Wednesday, 19 November 2008

New York Times on Sharia in Britain

Dear reader, our blog has moved to a new address.

Do come on over (and change your bookmarks accordingly): rationalist.org.uk

There's nothing particularly new here, but I was interested to see that the New York Times has picked up on the use of Sharia law in the UK. It's all things we know – Sharia law has been in use for some time in arbitration cases (as have C of E "ecclesiastical courts" and Jewish "beth din"), its use is on the rise, Rowan Williams put his foot in it earlier this year – but they do have some excellent first-hand examples from a Sharia court in Leyton, east London. Here's an example of the kind of "arbitration" they've been dishing out:
"The woman in black wanted an Islamic divorce. She told the religious judge that her husband hit her, cursed her and wanted her dead. But her husband was opposed, and the Islamic scholar adjudicating the case seemed determined to keep the couple together. So, sensing defeat, she brought our her secret weapon: her father.

In walked a bearded man in long robes who described his son-in-law as a hot-tempered man who had duped his daughter, evaded the police and humiliated his family. The judge promptly reversed himself and recommended divorce."

See, it was all going badly until the father walked in, with the "judge" saying “Please, will you give him another chance?” and "I'll give you one month's time to reconcile". But since the word of a man trumps that of a woman, and the word of an older man presumably trumps that of a younger man, the father was able to sort it all out with these words of wisdom:

“He was not a cucumber that we could cut open to know that he was rotten inside. The only solution is divorce.”
Okay, so it sounds like the correct decision was made in the end in that case, but only because the father intervened. Do we really want this kind of process to have legal backing in the UK? Here's another example from Leyton:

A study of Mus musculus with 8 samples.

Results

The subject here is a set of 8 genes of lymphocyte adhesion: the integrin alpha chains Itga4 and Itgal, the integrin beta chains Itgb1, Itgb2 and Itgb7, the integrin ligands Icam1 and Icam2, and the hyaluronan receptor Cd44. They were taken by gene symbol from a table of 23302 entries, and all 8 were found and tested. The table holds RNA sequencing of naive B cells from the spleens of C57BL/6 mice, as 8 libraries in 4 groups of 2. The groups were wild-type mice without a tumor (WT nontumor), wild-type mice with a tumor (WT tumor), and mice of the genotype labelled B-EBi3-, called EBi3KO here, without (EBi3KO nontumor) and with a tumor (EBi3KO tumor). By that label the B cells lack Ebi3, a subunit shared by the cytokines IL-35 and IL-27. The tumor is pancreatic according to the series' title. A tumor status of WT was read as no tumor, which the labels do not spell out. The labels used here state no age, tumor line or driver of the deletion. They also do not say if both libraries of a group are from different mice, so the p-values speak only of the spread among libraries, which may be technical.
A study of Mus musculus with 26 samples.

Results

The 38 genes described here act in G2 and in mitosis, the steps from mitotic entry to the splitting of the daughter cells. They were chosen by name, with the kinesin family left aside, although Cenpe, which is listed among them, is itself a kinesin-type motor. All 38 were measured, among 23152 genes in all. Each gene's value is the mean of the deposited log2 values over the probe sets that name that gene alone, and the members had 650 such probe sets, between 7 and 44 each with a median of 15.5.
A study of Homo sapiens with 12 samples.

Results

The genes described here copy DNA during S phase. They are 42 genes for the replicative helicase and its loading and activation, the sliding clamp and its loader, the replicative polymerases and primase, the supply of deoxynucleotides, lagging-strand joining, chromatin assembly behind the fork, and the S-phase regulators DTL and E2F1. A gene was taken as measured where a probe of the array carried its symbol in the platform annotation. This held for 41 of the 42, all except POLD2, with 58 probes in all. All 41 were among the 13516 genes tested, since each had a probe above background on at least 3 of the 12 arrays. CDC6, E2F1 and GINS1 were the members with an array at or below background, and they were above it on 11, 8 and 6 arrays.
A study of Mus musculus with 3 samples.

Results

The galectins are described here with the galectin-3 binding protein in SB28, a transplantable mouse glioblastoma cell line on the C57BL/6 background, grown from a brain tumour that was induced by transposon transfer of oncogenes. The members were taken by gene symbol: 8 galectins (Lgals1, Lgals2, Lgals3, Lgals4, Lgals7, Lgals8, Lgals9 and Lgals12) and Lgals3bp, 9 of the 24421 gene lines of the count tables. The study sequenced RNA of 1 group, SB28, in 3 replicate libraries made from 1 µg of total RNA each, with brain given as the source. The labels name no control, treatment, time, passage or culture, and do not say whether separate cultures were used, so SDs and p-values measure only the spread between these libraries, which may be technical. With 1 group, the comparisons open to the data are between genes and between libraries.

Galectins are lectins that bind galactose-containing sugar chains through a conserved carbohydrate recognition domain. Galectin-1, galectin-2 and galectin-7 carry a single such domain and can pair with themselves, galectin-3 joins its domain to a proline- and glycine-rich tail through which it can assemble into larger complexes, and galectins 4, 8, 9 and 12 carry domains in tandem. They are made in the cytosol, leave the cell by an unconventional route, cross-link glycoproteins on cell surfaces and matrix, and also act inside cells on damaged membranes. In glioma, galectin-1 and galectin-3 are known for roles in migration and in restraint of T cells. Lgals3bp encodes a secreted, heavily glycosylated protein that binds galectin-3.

Another woman, 25, wanted out of a two-year-old arranged marriage with a man who refused to consummate the relationship. Dr. Hasan counseled dialogue. “Until we see the husband,” he said, “we can’t be sure that what you’re saying is true.”
The clearest arguments against Sharia that I've heard and read have been put by the Independent columnist Johann Hari. I recently saw him speak on the subject in a debate at the Council of Ex-Muslims of Britain conference (clip included below), and after that he kindly nominated Rowan Williams for our Bad Faith Award (click here to hear that nomination). Why? Because, in suggesting we should allow Sharia in Britain, Williams was advocating exposing Muslim women in this country to "a court system that reinforces the most ugly forms of mysogyny."

1 comments:

Tom Rees said...

There is no question of whether to 'allow' Sharia or not. The point is that it's a free country. Anybody can make any kind of contract they like, and volunteer themselves to any kind of arbitration they like - so long as it doesn't conflict with the law. And the law allows for 'extra-judicial' arbitration that is legally binding.

So we can't stop Shariah, short of actually making it specifically illegal. We should target the problem with Shariah law, which is that it isn't really voluntary.

So the emphasis should be on making sure that these women (and anybody else) understand their rights under UK law, and that they are sufficiently empowered to take advantage of their rights.